To many of us, the Christian religious and cultural celebration called Christmas is surely one of our favourite times of the year. Burl Ives famously sang “Have a holly, jolly Christmas… It’s the best time of the year…” So, let’s sum up these jolly holidays and look again at what does Christmas in art look like.
One of the best ways to do this is to look at some beautiful pieces of art. Which things remind you of Christmas the most? If it happens to be angels, snow and the Christmas spirit – that’s what we can find in the paintings described below.
Did you know that during the Middle Ages, King Richard II of England organized a Christmas celebration, at which in 1377 three hundred sheep were eaten? It seems that not much has changed since then!
The Census at Bethlehem
A Flemish village covered in snow is one of the first paintings from Western art to present a snowy landscape. Bruegel depicted the scene out of his local, daily life on a cold winter’s day, adding only Joseph and the pregnant Virgin Mary on a donkey. The scene is described in Luke 2, 1-5.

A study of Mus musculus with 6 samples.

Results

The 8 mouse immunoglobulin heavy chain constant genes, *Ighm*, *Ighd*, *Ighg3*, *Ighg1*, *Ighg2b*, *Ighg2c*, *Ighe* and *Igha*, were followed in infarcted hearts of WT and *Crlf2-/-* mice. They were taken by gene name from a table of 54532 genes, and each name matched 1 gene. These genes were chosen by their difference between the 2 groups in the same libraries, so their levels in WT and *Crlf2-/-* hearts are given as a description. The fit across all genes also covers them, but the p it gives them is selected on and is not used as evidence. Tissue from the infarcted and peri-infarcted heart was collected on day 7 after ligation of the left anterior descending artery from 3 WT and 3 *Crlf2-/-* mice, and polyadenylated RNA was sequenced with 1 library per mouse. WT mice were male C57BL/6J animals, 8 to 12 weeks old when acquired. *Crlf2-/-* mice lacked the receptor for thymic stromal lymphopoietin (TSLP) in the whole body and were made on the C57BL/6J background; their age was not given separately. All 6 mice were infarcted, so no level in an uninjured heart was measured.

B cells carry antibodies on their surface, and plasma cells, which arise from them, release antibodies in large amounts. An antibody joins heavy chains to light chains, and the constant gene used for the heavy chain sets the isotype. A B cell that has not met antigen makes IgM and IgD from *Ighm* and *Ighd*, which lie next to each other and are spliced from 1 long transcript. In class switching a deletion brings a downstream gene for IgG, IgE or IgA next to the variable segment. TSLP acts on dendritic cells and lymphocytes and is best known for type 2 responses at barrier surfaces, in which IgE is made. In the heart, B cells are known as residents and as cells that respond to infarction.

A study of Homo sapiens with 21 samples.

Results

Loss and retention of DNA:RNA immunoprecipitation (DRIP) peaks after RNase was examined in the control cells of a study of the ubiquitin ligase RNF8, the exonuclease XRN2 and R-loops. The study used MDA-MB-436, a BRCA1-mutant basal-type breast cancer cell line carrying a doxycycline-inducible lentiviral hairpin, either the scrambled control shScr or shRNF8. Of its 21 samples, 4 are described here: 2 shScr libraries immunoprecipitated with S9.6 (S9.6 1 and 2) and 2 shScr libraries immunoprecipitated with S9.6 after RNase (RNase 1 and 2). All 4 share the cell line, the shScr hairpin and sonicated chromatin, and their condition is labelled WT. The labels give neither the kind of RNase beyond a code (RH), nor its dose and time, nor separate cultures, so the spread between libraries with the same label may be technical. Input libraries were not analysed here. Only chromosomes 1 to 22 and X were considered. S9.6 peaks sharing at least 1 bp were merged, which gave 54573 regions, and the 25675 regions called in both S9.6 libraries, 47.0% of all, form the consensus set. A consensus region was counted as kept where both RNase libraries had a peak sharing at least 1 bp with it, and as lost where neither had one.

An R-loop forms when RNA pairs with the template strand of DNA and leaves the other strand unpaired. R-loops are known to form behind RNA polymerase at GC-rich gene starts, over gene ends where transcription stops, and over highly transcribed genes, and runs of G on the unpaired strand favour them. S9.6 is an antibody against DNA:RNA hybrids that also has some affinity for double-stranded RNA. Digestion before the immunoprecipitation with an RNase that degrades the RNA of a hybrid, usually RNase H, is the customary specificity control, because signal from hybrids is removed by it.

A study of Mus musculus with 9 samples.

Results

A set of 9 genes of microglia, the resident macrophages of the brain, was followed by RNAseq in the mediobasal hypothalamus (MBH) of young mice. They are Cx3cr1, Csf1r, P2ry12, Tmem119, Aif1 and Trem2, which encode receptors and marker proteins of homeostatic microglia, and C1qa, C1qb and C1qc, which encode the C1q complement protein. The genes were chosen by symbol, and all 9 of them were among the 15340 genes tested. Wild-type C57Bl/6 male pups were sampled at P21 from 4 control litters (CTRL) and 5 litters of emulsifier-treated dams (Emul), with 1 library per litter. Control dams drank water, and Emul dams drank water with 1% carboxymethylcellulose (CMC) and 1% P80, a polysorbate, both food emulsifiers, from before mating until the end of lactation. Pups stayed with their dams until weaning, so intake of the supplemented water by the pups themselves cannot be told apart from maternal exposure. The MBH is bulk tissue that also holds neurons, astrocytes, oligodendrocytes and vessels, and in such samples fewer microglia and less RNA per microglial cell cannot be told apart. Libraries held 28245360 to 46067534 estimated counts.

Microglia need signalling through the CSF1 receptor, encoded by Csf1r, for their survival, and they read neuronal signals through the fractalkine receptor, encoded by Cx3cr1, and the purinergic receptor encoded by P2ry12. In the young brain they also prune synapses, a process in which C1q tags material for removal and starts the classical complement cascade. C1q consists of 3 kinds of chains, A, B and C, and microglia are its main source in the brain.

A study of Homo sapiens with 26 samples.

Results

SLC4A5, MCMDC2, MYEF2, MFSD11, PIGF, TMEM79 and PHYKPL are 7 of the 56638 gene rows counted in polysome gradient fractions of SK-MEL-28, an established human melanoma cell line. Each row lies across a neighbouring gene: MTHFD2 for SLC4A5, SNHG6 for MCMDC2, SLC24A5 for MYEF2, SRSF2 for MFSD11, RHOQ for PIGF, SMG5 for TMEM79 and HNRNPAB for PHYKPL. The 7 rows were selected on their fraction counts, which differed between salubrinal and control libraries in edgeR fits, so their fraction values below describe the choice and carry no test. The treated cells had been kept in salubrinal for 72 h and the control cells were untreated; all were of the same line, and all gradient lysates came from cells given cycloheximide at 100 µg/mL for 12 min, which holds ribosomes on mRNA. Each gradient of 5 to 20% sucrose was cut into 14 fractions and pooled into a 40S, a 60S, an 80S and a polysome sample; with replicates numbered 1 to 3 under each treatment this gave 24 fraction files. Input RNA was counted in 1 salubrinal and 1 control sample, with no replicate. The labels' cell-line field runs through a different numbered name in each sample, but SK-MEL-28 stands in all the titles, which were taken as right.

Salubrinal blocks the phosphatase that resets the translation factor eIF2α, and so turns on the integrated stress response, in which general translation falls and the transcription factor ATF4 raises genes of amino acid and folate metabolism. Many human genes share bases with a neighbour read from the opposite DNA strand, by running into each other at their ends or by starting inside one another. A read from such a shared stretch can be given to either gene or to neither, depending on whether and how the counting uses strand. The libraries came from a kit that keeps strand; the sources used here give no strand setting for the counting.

This beautiful piece is a transition from the Gothic period into Renaissance because of the lighting and space. The delicate and innocent Mary is presented in an outdoor environment receiving a blessing from Gabriel. What was novel about Fra Angelico was that he depicted the figures in an outdoor setting.
Federrico Barocci was an Italian painter active during the Renaissance époque, considered to have been one of the best painters of his times. In this picture we see Mary kneeling before God. There is an indication of a strong bond between the mother and her child.
This one is a great example of honest emotions. The people in the illustration look so jolly…And that’s what Christmas should be about – laughter, joy and happiness. Rockwell asked his relatives and friends to pose for this piece to make it look more realistic.
Snow Scene at Argenteuil
This impressionist painting might not remind one of Christmas directly, but I think it has a real Christmas feeling to it, as well as being so beautiful at the same time! It shows a boulevard by the Seine river with lots and lots of snow. It emphasizes the painter’s strong connection to the seasonality of the weather and its colors. Monet’s way of presenting this scene – not simply a winter landscape – shows how strongly influenced he was by the Ukiyo-e prints popular during his times.